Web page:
Prevent Back-to-School Illness in 2017
When school starts in the fall, it’s an exciting time of year. The joy parents feel at seeing their kids so happy is tempered by the fear of illnesses that come along with school.
At the Compounding Pharmacy of America, our goal is to keep your family well – especially during the back-to-school season. Follow these tips to keep your little ones from getting sick this school year.
Recognize Danger Zones: Where School Germs Live
Schools are full of germs because they’re full of kids – kids who don’t always remember to wash their hands or cover their noses when they sneeze. Most kids don’t give basic hygienic practices a second thought.
Though children might be small, the spray from their coughs and sneezes is mighty, exposing their classmates to whatever made them sneeze in the first place.
The CDC says elementary students each catch between eight and 12 cold or flu viruses every year. The younger they are, the more susceptible they are to infection.
Children are also more unaware of how often they touch their face and transfer germs to other people. Some areas of school have a higher concentration of germs than others.
Teach your children to be especially careful around these areas:
The Water Fountain
Students touch the button or knob with germy hands, then put their mouth by the faucet to drink. Send children to school with water bottles instead of having them rely on fountains.
If they forget to take water, teach them to run a little water from the fountain before they drink and wash their hands immediately after.
Kids go through the lunch line in a group, spreading germs on everything within reach. Teach children to carry their tray to the table, then use hand sanitizer before they start to eat.
Even when children remember to wash up after a trip to the bathroom, their best efforts sometimes leave a lot to be desired. Emphasize the importance of washing, then show them how to use a paper towel to open the door.
Student Work Stations
Group seating encourages teamwork, collaboration…and the spread of germs. Send your child with a pack of antibacterial wipes and encourage them to regularly disinfect their area.
How to Fight Common Illnesses
It’s possible to keep kids healthy at school, but prevention takes work. Here are some of the most common infections and how to avoid them.
Also known as conjunctivitis, pink eye causes itching and redness. It’s spread when an infected child touches their eyes and spreads discharge to surfaces. Teach kids to avoid touching their face and encourage frequent hand-washing.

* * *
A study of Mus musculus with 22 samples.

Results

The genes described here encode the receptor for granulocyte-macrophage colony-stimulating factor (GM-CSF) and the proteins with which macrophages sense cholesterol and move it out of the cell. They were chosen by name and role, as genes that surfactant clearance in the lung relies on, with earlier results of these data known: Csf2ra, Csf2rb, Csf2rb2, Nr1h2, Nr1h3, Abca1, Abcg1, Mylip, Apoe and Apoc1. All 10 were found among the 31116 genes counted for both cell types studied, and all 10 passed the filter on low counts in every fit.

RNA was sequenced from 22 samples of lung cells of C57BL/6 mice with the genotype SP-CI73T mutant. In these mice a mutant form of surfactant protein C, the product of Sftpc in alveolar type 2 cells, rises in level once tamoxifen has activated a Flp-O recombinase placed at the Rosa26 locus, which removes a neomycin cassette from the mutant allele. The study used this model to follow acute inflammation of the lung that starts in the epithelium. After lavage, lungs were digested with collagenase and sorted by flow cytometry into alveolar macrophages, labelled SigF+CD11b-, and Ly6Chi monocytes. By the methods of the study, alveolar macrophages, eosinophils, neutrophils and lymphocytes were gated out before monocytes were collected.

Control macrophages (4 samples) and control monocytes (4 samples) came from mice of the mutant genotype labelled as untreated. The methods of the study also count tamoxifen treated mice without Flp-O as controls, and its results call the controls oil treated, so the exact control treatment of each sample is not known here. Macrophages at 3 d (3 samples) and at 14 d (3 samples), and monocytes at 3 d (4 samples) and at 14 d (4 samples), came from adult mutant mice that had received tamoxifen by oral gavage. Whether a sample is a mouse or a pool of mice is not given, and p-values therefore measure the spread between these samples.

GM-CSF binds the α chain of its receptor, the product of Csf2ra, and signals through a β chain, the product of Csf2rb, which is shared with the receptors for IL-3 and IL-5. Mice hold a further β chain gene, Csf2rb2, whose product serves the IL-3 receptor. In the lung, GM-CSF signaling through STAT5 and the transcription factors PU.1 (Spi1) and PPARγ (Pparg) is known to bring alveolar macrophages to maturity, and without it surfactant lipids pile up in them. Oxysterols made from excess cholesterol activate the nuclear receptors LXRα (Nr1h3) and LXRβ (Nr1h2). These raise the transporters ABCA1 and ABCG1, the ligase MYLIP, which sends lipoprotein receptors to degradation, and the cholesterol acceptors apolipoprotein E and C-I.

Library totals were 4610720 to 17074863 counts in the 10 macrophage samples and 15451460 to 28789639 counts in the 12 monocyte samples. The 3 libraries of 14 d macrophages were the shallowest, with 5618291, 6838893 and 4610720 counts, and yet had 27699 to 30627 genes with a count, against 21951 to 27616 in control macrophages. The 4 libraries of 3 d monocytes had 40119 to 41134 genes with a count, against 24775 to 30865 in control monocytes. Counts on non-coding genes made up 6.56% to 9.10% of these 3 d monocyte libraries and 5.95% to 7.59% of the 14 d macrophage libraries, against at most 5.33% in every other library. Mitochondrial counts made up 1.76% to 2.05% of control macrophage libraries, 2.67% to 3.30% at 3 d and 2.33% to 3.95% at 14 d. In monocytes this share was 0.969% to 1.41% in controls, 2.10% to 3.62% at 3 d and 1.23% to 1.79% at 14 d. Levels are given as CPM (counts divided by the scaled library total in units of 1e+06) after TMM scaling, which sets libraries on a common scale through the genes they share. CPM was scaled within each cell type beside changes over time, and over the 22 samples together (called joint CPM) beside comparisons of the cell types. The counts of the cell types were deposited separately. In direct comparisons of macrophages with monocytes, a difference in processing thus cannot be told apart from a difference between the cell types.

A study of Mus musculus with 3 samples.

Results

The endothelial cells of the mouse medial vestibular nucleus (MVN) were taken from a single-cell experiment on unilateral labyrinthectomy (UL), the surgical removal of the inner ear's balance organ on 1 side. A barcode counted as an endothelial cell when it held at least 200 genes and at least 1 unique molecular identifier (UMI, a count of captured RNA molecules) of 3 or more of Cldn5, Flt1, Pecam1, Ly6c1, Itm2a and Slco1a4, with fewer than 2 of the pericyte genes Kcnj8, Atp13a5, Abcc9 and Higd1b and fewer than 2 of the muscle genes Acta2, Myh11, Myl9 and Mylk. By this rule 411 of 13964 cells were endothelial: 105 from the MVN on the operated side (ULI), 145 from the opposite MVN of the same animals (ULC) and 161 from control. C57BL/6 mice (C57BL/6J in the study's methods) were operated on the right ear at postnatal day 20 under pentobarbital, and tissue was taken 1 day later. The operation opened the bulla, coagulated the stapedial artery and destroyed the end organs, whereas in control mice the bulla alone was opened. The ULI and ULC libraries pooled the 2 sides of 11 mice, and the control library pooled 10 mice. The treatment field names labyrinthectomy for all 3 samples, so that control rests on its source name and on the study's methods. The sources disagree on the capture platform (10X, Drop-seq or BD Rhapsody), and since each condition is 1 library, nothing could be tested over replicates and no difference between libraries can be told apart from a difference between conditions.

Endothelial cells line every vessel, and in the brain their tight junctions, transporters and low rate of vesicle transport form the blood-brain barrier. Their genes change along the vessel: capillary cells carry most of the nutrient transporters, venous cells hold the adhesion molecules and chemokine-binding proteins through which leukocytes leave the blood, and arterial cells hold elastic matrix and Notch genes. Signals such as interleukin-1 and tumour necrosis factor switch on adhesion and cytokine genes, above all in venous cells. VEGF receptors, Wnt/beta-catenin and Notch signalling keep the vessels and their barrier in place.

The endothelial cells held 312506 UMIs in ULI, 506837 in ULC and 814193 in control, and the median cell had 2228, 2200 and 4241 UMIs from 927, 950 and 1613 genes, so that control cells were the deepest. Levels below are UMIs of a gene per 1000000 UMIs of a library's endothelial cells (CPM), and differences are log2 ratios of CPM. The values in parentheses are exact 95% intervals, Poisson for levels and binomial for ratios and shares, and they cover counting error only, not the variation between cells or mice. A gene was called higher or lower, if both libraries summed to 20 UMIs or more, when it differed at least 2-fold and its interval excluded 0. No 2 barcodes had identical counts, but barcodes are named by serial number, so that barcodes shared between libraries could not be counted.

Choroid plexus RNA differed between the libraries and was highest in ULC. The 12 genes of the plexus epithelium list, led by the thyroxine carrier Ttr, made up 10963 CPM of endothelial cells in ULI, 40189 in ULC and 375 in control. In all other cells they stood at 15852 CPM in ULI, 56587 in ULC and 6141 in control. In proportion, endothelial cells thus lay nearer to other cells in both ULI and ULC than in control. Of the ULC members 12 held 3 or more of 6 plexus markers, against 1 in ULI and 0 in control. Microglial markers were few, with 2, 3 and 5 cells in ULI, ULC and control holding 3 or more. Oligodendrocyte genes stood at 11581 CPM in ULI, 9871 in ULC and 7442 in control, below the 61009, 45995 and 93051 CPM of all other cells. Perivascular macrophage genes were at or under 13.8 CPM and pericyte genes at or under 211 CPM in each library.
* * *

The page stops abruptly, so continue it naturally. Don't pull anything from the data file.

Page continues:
Hand, Foot and Mouth Disease
The coxsackievirus, the scientific name for hand, foot and mouth disease, lives in saliva and spreads when kids put things in their mouths then touch surfaces other children will also touch. Symptoms include a painful rash in the mouth, on palms and on feet.
Stress the importance of not sharing food or putting things in their mouth that don’t belong there.
Any time there’s head-to-head contact, lice can spread. Lice can live on rugs, in backpacks and on coats, but they spread most often by head-to-head contact – like when kids share an iPad or video screen.
If you know lice is going around, insist on ponytails for long hair and do frequent checks.
Colds and Influenza
Cold and flu season starts the same time as school does. You can be preventive and vaccinate against the flu, but it won’t stop all strains.
Hand-washing and sanitizers are your first line of defense against these viruses. Some brands of sanitizers hook to backpacks for ease of use.
Termed the “kissing disease,” mono isn’t just spread by kissing. This virus causes fever, sore throat and severe fatigue, and it’s spread any time kids share food or drinks.
Caution your teens against sharing food with friends. Though mono is very treatable, recovery takes time.
Sickness Affects Academic Performance
When your child gets sick, they miss school, and being absent the first month increases the likelihood students will struggle with attendance the rest of the year. In fact, missing just 10 percent of the school year can negatively impact academic performance.
The Compounding Pharmacy of America helps parents keep kids healthy year-round with our Pediatric Compounding Pharmacy. We work with physicians and families to meet the unique needs of each child.
Chief Operating Officer, The Compounding Pharmacy of America
Matthew Poteet, Pharm.D. graduated with Honors from Lee University with a Bachelors of Science in Biological Science. After his undergraduate training, he completed the Doctor of Pharmacy program at Mercer University Southern School of Pharmacy, graduating in 2004. Dr. Poteet has spent much of his pharmacy career on staff at two of the most prestigious academic teaching hospitals in the Southeast; Emory University in Atlanta and Vanderbilt University Medical Center in Nashville. At these institutions he received extensive experience and training in sterile products compounding.
He returned home to East Tennessee in 2010, where he has held the position of Pharmacy Director at two sterile products pharmacies in Knoxville. Matthew lives in Knoxville with his wife, Chris. Dr. Poteet is Tennessee’s first Board Certified Anti-Aging Pharmacist by the American Academy of Anti-Aging Medicine.